A climate change analyst does laboratory and field tests to monitor the environment and investigates sources of pollution, including those affecting health. Many work under the supervision of environmental scientists and specialists, who direct their work and evaluate their results.
Many climate change analysts work under the supervision of environmental scientists and specialists who direct their work and evaluate their results. In addition, they often work on teams with scientists, engineers, and technicians in other fields to solve complex problems related to environmental degradation and public health. For example, they may work on teams with geoscientists and hydrologists to manage the cleanup of contaminated soils and ground water.
Most climate change analysts work either for the government or for private consulting firms. In the government, climate change analysts enforce regulations that protect the environment and people’s health. They spend a lot of time inspecting businesses and public places and investigating complaints related to air quality, water quality, and food safety. They may issue fines or close establishments that violate environmental or health regulations. In private consulting firms, climate change analysts help clients monitor and manage the environment and comply with regulations. For example, they help businesses develop cleanup plans for contaminated sites, and they recommend ways to reduce, control, or eliminate pollution. Also, climate change analysts conduct feasibility studies for, and monitor the environmental impact of, new construction projects.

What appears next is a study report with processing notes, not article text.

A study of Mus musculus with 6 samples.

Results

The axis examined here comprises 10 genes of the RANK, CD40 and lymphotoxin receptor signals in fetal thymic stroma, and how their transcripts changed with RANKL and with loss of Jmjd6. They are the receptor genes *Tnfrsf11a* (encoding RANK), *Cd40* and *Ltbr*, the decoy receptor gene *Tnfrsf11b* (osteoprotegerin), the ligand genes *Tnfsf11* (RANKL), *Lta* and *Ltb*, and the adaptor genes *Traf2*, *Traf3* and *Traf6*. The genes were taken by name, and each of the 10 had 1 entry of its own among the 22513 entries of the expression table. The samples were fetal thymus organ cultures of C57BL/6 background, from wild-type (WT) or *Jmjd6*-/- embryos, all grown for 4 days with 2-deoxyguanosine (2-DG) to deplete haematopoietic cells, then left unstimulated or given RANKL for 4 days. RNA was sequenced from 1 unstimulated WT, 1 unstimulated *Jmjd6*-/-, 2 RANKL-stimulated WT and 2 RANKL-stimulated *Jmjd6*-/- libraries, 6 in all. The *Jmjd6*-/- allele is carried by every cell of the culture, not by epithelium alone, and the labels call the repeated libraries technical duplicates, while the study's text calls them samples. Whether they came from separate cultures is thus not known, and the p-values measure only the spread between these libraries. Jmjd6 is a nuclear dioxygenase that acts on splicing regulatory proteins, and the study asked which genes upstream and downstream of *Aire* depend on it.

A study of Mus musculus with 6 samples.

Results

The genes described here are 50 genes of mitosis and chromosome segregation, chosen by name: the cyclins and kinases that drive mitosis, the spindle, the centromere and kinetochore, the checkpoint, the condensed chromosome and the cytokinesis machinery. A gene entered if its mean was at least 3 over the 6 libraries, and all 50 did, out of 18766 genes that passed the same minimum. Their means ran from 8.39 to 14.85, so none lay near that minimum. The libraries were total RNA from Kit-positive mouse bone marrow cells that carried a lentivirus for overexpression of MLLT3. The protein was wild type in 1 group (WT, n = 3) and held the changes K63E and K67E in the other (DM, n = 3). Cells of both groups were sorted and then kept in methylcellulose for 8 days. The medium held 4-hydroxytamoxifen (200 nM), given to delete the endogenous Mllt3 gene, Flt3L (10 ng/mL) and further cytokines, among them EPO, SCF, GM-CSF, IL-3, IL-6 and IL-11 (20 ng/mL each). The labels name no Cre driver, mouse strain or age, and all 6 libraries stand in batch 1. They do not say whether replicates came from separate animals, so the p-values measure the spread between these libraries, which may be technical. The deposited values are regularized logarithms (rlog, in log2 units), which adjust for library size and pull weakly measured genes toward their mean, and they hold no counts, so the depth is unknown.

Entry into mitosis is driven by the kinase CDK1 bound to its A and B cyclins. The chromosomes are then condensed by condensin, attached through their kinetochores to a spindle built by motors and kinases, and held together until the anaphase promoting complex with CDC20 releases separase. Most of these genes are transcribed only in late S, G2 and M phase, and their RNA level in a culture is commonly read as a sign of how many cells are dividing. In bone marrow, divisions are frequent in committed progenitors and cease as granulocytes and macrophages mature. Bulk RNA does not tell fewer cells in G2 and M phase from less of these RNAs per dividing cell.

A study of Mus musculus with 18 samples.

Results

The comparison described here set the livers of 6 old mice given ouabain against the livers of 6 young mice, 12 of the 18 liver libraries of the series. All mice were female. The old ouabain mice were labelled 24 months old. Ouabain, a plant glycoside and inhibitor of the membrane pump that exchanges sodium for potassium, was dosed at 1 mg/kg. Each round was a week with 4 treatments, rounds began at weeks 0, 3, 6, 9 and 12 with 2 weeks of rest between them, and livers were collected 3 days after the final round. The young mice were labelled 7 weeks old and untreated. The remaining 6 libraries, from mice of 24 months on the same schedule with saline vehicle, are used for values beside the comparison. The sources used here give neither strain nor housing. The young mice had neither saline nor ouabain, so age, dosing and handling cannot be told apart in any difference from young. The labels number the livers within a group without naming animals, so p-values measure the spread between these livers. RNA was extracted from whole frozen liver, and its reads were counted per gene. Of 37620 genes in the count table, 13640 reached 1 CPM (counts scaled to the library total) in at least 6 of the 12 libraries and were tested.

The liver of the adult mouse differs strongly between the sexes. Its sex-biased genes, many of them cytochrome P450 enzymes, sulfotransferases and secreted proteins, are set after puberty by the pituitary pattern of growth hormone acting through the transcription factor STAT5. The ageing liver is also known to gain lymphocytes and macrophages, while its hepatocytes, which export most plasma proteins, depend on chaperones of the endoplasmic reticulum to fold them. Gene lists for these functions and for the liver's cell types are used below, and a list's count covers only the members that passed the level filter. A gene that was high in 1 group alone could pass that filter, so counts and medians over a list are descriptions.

Climate change analysts work in offices, laboratories, and the field. Most work for professional, scientific, and technical services firms or for the government. Fieldwork offers a variety of settings; for example, a technician may investigate a chemical spill inside a manufacturing plant or spend time outdoors testing the water quality of lakes and rivers. In the field, technicians spend most of their time on their feet, which can be physically demanding. Also, they may need to set up monitoring or testing equipment, which can involve some heavy lifting and frequent bending and crouching.